In Claire Stanford’s poignant, wry debut novel, Happy For You, the protagonist Evelyn Kominsky Kumamoto acknowledges that she doesn’t feel “like a real person.” At thirty-one years old, and four years into a philosophy PhD, she is ambivalent about what she wants, who she is, and how technology functions in our society. She feels like she’s on the outside, looking in at everyone else, who all seem to have it figured out.
Evelyn has a few reasons for feeling isolated from others: her mother died when she was fourteen, and her relationship with her father is formal and distant. She works at a tech company in the Bay Area and, as a philosopher, struggles with their goals of fitting human emotion into a simple wellness app. She is Japanese and Jewish and doesn’t know where she fits into either culture.
The novel begins when Evelyn takes a break from her philosophy dissertation to work for the “third-most-popular internet company.” Evelyn appreciates the high salary but commits the Silicon Valley offense of questioning the ethics of the app. The app works by pinging probing questions to her phone every day or so. Answering them is supposed to increase happiness. Evelyn is skeptical but tries to use the app to become happier. Of course, life has other ways of providing opportunities for Evelyn to be happy — and sad, disturbed, and present, and everything else, sometimes all at once.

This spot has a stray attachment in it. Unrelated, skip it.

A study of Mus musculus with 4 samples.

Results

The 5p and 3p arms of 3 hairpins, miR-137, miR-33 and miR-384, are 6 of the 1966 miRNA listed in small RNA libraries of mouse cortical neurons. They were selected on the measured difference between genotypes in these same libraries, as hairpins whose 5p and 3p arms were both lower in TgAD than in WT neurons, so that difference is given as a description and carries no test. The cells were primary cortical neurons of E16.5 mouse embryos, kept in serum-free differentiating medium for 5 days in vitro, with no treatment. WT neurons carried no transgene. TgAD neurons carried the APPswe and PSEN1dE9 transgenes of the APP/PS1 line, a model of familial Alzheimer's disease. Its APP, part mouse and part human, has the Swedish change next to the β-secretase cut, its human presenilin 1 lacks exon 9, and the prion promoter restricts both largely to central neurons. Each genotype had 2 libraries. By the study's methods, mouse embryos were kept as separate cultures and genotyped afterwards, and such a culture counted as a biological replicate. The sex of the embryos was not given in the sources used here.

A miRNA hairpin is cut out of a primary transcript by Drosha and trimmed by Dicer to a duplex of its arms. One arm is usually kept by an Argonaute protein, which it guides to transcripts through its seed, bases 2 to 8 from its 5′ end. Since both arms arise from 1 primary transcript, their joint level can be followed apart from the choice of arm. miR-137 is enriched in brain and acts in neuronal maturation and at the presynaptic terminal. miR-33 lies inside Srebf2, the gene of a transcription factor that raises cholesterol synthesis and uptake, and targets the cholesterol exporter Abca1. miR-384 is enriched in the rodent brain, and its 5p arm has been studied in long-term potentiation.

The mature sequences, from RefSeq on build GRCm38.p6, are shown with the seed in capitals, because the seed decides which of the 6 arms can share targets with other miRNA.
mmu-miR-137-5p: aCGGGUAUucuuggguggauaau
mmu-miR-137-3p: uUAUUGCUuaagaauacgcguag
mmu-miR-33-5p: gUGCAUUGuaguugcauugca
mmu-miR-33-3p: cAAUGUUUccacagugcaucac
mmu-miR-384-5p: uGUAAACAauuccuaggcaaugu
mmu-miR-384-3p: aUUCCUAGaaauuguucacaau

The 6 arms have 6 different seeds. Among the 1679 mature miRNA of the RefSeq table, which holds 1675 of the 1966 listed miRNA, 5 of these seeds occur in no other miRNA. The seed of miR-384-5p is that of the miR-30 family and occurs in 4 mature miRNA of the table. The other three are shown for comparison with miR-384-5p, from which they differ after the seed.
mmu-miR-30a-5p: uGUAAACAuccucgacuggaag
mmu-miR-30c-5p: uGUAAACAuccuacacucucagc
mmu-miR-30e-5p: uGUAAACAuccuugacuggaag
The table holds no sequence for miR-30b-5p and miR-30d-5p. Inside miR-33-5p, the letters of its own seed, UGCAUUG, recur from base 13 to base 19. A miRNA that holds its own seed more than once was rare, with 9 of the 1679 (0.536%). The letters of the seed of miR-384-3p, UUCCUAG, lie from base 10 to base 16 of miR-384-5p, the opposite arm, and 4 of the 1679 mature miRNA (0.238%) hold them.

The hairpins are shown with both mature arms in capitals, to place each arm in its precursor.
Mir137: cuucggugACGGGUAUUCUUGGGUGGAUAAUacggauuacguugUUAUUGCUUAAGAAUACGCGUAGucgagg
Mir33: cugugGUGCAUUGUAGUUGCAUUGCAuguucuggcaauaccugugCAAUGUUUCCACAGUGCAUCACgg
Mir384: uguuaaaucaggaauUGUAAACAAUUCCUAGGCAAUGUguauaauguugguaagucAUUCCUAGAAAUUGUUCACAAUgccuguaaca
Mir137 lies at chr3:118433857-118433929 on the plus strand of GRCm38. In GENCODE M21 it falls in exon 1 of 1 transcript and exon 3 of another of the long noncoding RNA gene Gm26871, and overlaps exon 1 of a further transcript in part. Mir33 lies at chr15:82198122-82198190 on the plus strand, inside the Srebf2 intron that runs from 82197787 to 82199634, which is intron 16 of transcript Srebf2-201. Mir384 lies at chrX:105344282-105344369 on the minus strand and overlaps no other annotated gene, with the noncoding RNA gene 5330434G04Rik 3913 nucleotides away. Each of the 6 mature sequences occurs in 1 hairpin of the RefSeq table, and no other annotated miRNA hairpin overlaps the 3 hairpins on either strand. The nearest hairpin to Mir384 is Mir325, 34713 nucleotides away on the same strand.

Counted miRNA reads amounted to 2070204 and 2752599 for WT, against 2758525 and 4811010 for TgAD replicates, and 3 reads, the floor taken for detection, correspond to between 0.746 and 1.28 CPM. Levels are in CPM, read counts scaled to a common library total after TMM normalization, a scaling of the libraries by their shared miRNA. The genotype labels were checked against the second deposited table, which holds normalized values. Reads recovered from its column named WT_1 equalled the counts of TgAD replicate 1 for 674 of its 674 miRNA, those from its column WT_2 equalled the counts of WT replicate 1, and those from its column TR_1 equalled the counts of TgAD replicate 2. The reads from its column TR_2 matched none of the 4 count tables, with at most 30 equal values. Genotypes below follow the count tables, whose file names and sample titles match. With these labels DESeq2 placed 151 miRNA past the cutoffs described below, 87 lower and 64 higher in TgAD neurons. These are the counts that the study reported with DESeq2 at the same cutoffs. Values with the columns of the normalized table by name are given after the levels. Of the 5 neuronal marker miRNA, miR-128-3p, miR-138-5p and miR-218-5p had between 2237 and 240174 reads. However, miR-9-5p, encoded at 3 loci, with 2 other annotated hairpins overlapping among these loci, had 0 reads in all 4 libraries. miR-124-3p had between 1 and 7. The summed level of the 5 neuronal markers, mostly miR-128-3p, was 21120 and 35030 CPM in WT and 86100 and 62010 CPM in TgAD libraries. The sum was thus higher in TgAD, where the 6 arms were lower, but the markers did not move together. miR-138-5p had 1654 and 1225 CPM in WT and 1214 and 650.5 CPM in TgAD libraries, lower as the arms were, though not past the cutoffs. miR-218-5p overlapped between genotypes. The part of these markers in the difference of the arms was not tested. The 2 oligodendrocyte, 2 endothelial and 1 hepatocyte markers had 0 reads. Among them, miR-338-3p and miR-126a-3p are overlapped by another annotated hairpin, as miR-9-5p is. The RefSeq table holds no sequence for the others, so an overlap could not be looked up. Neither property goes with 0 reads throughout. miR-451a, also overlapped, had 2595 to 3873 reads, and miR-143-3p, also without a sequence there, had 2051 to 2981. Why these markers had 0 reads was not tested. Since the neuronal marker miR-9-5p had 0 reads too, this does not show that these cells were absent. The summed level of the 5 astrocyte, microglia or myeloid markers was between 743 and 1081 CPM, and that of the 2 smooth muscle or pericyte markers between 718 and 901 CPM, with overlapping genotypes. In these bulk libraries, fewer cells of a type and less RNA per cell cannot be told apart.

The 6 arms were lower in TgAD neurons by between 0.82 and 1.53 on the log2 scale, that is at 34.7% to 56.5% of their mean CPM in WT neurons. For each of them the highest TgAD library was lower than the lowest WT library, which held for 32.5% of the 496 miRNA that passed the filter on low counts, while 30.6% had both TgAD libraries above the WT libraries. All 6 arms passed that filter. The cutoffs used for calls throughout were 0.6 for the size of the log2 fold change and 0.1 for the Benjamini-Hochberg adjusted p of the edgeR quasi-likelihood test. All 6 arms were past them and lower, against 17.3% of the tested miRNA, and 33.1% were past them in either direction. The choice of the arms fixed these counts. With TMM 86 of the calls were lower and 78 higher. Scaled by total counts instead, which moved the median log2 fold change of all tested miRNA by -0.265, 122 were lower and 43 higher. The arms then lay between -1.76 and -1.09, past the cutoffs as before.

Through the clever plot twists in Happy For You, Evelyn comes to understand that she’s not alone. Despite her angst, she is observant, funny, and loving. It is a joy to watch her with her somewhat clueless boyfriend, Jamie, in moments of intense vulnerability and hope; to accompany her in memories of her mother; and to haltingly grow closer to her father as he embarks on a new relationship with Kumiko, who just can’t quite believe that Evelyn doesn’t speak Japanese.
The brilliance of Happy For You is in how it manages to convey many emotions and many lessons. As a satirical novel about tech culture, it’s unsettling and comic. As a novel of Evelyn’s growth, it’s both ironically removed and warmly intimate. It has, as a character says late in the story, “hybrid vigor,” and it will keep you reading, laughing, crying, and hoping late into the night.